The Opium Poppy
Although once popular as a painkiller most opium is now refined into heroin and sold illicitly for high prices in almost every city on the planet. All of this heroin started life as the gum gleaned from Papaver somniferous, the opium poppy.
For decades most of the worlds illegal opium has been produced in Afghanistan and the ‘Golden Triangle’, a region of south west Asia. In recent years the amount coming out of Latin America, predominantly Mexico and Colombia, has increased, though cocaine is still the most widely produced drug in the region as it is far easier to refine in large amounts and is currently very popular which means high prices are paid for it.
Opium is obtained from the unripe seed pods of the opium poppy and this is the only poppy that produces opium even though almost all poppies will bleed a milky, sticky latex like sap if the unripened seed pods are nicked with a sharp knife.
Legal production of opium to use as a base for narcotic analgesics accounts for more than 50% of the opium grown worldwide. Australia and India have ideal poppy growing climates and most of the medicinal opium is grown in one of the two countries.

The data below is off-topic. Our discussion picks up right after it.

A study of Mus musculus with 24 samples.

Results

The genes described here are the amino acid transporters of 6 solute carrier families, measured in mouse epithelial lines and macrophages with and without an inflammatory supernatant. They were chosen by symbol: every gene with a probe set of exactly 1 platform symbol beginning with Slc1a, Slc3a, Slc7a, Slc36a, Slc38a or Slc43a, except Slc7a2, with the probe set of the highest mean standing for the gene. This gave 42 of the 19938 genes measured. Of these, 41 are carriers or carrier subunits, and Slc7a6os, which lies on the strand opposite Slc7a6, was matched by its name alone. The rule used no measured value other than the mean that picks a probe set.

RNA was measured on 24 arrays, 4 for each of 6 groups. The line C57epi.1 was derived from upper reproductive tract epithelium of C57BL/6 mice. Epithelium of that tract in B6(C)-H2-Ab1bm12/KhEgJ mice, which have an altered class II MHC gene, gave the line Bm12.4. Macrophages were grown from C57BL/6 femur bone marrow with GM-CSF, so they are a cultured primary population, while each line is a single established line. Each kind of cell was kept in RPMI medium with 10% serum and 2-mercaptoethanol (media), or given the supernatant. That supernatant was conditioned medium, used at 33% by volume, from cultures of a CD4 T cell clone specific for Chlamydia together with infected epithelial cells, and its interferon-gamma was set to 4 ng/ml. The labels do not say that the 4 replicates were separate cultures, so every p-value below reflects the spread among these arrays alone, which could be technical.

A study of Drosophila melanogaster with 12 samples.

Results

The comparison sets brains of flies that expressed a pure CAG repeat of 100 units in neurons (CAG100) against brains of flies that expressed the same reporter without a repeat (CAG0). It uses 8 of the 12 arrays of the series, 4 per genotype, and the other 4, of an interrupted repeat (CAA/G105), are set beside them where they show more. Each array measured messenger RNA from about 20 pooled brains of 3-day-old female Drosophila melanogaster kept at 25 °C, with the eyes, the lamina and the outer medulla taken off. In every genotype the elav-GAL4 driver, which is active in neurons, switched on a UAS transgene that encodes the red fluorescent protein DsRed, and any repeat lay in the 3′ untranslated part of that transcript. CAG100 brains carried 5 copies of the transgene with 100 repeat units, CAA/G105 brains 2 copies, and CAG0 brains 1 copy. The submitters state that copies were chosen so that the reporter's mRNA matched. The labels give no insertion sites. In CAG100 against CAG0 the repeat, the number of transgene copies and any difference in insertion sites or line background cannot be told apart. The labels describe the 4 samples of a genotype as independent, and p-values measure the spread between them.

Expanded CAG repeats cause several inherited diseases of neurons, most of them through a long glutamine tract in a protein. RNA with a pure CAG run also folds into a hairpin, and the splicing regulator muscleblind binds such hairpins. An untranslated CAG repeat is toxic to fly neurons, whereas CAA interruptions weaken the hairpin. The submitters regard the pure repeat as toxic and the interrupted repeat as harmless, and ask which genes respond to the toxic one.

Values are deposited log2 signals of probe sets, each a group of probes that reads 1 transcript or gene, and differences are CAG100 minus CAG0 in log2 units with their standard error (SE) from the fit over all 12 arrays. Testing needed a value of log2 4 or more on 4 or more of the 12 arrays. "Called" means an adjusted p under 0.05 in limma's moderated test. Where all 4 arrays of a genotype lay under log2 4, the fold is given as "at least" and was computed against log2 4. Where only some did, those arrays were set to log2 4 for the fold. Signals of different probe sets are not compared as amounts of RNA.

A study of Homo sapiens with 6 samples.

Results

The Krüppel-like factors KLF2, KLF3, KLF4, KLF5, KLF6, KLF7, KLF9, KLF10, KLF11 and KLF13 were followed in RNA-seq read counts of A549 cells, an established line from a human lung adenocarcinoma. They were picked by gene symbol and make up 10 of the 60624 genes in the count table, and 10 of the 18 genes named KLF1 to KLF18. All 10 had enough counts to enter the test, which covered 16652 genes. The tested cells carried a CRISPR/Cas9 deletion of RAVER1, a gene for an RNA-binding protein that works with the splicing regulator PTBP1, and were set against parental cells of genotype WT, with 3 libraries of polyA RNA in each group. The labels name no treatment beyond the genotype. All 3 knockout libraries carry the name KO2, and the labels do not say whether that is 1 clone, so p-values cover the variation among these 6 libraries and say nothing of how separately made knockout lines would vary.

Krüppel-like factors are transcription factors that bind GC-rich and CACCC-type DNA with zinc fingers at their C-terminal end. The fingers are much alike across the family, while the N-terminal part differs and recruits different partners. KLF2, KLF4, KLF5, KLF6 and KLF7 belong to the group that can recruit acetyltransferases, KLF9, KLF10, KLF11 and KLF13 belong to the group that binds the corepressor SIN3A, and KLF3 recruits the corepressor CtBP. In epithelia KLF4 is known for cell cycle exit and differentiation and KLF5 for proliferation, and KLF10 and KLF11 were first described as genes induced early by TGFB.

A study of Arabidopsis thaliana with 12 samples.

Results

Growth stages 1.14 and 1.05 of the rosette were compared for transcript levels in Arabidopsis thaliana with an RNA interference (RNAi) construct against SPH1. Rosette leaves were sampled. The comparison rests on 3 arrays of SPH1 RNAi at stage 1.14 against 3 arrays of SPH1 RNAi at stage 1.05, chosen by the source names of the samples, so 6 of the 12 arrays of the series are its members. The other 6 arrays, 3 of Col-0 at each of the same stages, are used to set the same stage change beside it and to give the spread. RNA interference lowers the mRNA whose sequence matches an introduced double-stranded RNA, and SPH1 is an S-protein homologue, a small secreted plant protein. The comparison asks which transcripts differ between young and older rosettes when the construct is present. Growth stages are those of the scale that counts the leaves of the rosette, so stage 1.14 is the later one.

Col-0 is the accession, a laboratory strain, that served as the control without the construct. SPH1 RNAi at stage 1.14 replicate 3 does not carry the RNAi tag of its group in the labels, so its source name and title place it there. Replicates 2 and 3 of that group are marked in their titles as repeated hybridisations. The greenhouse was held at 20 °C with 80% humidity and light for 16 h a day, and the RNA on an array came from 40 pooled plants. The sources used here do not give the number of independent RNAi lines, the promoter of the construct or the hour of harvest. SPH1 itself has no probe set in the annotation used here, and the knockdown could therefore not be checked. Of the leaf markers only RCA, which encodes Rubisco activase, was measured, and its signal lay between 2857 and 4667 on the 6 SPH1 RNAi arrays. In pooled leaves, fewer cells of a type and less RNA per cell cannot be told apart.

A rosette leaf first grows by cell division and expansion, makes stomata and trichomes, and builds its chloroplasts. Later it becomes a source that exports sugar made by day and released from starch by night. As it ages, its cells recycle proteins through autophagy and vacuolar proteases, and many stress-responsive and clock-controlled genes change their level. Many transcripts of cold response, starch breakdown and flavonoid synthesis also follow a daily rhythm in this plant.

Opium is widely used as a local native medicine in some parts of the world, and the process of obtaining it is simple. The unripe seed heads are slit from just beneath the flattened head of the pod down to the area where the pod joins the stem.
This is done several times allowing the latex to seep out. This is collected, boiled in water, passed through a simple filter and dried. The opium contains a number of active ingredients that work together to make this a potent pain killer. Indigenous people in these areas smoke it, eat it or prepare it as a drink, all of these methods of ingestion provide them with the opiate effect of the drug.
Opium poppies look VERY like the common oriental poppy and care should be taken to make sure you get the ornamental variety for your flower bed. (I have to say that) Most people cannot tell them apart unless they know a good deal about the poppy genus.
Lizzie Bennett retired from her job as a senior operating department practitioner in the UK earlier this year. Her field was trauma and accident and emergency and she has served on major catastrophe teams around the UK. Lizzie publishes Underground Medic on the topic of preparedness.